Roku to force some apps to adopt new streaming, billing features

Streaming hardware maker Roku says developers who distribute popular apps will need to incorporate several new features if they want to continue making their service available on the platform.

Starting next March, developers will be required to integrate the company's new Continue Watching feature, which allows Roku users to pick up where they left off in a TV show or movie from the "What to Watch" screen on Roku-powered devices and smart TV sets.

The mandate applies to all video apps whose customers stream a collective average of 5 million hours of content in a month over a three-month period. Apps that are specifically designed to offer live video, video purchases or media made for children won't be required to integrate the Continue Watching feature.

Developers who meet the requirement threshold have until March 31, 2023, to integrate the feature if they want their service to be certified by Roku, which is a requirement to be distributed in the Roku Channel Store.

Roku pulled back the curtain on its Continue Watching feature last month when it announced an updated version of the Roku operating system. Several streaming services have already integrated Continue Watching into their apps, including Netflix, HBO Max and Paramount Plus, according to a spokesperson.

At an industry conference last month, a Roku executive said the new features help remove some of the friction consumers face when it comes to finding and watching on their platform.

"All this is made possible by the aggregation model," the executive, Jessica Fencel, said at the NATPE Streaming Plus conference. "And I think that's helped solve some of those major pain points that consumers are facing."

Paul Erickson, a veteran media analyst who specializes in consumer products, says requiring app developers to integrate Continue Watching is just as good for Roku as it is for customers.

"The company is trying to ensure consistency of experience for the users, where it's easy to resume playback and jump back into recently watched content," Erickson said in an interview this week.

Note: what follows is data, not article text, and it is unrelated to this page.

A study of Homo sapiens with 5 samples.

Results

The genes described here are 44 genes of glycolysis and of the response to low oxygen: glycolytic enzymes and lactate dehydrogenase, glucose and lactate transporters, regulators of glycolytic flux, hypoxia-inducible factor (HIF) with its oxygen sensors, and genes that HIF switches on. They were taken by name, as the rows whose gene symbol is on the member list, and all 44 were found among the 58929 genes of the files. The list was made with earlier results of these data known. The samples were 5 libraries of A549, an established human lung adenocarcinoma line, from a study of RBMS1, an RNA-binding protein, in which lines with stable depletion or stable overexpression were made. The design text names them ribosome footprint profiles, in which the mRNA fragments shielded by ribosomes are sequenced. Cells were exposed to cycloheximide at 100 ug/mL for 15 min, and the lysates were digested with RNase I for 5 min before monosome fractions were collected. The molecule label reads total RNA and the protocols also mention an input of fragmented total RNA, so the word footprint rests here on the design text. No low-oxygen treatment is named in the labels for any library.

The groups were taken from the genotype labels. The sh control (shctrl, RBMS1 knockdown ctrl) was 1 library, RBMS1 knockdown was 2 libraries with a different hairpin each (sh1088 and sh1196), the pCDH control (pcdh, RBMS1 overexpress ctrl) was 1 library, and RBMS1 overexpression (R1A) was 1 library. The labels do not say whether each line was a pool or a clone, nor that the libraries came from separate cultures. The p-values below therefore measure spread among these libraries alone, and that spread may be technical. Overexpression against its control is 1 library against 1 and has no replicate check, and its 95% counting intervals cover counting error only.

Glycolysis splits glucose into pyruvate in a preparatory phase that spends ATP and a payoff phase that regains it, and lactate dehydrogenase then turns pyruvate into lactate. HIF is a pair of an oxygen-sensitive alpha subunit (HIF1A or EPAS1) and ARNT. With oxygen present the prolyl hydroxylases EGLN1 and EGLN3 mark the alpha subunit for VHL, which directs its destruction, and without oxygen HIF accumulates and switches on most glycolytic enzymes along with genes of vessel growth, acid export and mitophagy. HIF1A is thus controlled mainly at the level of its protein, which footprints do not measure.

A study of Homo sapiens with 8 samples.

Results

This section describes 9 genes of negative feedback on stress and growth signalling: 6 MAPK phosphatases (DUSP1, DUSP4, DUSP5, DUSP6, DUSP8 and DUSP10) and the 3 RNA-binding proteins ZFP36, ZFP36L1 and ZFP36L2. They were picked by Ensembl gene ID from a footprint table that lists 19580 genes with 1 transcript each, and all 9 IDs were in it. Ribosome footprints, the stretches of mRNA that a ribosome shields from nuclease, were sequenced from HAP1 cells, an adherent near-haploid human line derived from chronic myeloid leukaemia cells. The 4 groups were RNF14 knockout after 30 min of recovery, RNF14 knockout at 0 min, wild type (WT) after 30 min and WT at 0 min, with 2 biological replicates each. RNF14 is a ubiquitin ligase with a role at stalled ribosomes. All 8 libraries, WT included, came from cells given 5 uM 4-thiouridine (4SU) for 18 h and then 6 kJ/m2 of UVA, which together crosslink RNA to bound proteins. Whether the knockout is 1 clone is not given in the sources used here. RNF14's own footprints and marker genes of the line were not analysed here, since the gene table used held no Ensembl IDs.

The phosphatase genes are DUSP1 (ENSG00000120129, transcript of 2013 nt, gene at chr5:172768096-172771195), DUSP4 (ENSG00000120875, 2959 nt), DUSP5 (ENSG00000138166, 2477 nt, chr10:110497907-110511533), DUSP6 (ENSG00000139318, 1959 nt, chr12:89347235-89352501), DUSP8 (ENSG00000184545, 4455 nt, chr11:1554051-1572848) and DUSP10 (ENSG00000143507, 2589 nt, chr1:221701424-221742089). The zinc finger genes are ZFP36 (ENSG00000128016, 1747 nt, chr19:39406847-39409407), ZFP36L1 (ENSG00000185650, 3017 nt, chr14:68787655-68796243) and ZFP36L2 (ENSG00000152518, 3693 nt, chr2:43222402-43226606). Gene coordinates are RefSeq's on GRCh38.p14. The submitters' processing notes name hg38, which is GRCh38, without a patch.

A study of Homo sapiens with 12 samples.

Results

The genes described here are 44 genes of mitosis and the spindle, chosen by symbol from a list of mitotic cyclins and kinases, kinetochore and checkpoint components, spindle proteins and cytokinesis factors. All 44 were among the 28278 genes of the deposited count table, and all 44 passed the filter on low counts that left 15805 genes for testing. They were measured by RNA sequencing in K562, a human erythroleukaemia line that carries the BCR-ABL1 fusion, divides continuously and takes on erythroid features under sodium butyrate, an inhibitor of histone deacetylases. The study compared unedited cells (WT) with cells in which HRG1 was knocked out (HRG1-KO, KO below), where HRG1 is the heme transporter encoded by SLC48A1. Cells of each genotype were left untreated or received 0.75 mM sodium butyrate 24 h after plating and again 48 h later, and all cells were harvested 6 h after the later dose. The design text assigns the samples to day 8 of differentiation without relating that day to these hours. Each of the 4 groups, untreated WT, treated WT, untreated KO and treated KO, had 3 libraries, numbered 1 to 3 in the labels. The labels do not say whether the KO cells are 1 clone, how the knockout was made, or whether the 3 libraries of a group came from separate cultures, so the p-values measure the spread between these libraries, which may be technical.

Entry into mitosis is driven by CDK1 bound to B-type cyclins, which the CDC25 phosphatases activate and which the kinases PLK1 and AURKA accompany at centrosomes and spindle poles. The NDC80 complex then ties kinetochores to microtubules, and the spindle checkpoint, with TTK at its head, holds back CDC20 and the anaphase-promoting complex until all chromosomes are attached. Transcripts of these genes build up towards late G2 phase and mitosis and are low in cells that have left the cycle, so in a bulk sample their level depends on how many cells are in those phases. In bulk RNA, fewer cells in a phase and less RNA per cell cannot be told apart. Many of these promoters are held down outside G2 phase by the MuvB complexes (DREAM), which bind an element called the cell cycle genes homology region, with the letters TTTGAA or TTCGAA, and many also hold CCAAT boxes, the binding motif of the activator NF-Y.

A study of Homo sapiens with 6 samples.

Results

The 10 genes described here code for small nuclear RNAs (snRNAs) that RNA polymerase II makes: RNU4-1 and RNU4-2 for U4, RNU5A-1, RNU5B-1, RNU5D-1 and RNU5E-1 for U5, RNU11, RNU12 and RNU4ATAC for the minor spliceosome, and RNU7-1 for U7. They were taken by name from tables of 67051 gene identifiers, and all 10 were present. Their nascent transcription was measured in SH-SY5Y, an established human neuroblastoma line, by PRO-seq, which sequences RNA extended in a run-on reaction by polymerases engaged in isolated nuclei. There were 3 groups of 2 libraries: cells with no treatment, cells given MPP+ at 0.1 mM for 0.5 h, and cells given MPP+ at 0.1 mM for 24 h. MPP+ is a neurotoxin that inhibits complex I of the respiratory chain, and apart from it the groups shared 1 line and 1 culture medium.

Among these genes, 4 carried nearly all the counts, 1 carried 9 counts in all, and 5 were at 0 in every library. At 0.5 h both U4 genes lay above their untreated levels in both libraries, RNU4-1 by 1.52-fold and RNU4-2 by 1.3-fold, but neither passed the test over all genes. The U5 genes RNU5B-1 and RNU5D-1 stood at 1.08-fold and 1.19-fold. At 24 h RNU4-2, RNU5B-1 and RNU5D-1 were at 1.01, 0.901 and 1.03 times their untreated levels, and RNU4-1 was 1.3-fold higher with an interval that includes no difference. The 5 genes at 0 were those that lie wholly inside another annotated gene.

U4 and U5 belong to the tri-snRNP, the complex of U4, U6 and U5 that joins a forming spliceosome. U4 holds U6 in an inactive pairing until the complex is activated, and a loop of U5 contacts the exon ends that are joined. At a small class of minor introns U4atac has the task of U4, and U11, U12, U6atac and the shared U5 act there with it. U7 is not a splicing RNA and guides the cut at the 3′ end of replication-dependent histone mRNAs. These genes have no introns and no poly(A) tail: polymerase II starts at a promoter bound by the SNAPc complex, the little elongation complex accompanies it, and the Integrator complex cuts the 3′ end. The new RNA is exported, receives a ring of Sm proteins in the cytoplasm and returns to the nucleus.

Erickson noted that competing streaming devices powered by Google and Amazon-developed operating systems have offered a similar continuity feature for some time. He added that the feature tends to pull consumers away from in-app experiences in favor of searching for and sifting through content from within a central dashboard.

"[Roku is] competing in a platform environment, particularly where competitors like Google are pushing super-aggregated user experiences to get people to their content faster," Erickson affirmed.

It is not the first time Roku has leveraged its Channel Store to require developers to integrate certain new features. Nearly two years ago, the company issued an edict that forced some subscription video services to integrate its native payment processing feature called Roku Pay. The feature allows customers with debit or credit cards on file to subscribe to a service using their TV set.

This month, Roku said subscription apps that use its Roku Pay platform will also have to implement a new feature called Passive Subscription on Hold. The feature kicks in when a customer's debit or credit card can't be charged for a subscription that is set to automatically renew. Roku e-mails the customer several times over the course of sixty days with a request that they update their payment information, so they can be charged.

As with the Continue Watching feature, the Passive Subscription on Hold mandate applies to services that see an average of 5 million hours of content streamed per month across a three-month period. Roku says the feature is intended to help services reduce churn rates by decreasing the likelihood that a customer will passively cancel their subscription. But Erickson notes the feature will also benefit Roku, because the company receives a cut of subscriptions sold through Roku Pay.

"If someone goes away, and then they re-subscribe somewhere else, Roku loses that share of the revenue," Erickson noted. "These are obviously moves that are intended to benefit Roku as much as others over the long-term."

Developers are likely to acquiesce to both mandates, as Roku is one of the more-dominant streaming platforms in the United States Last year, Parks Associates said Roku's operating system powered around 38 percent of streaming TV devices used in the domestic market. Last month, Roku said it has 63 million active customers using its streaming platform around the world.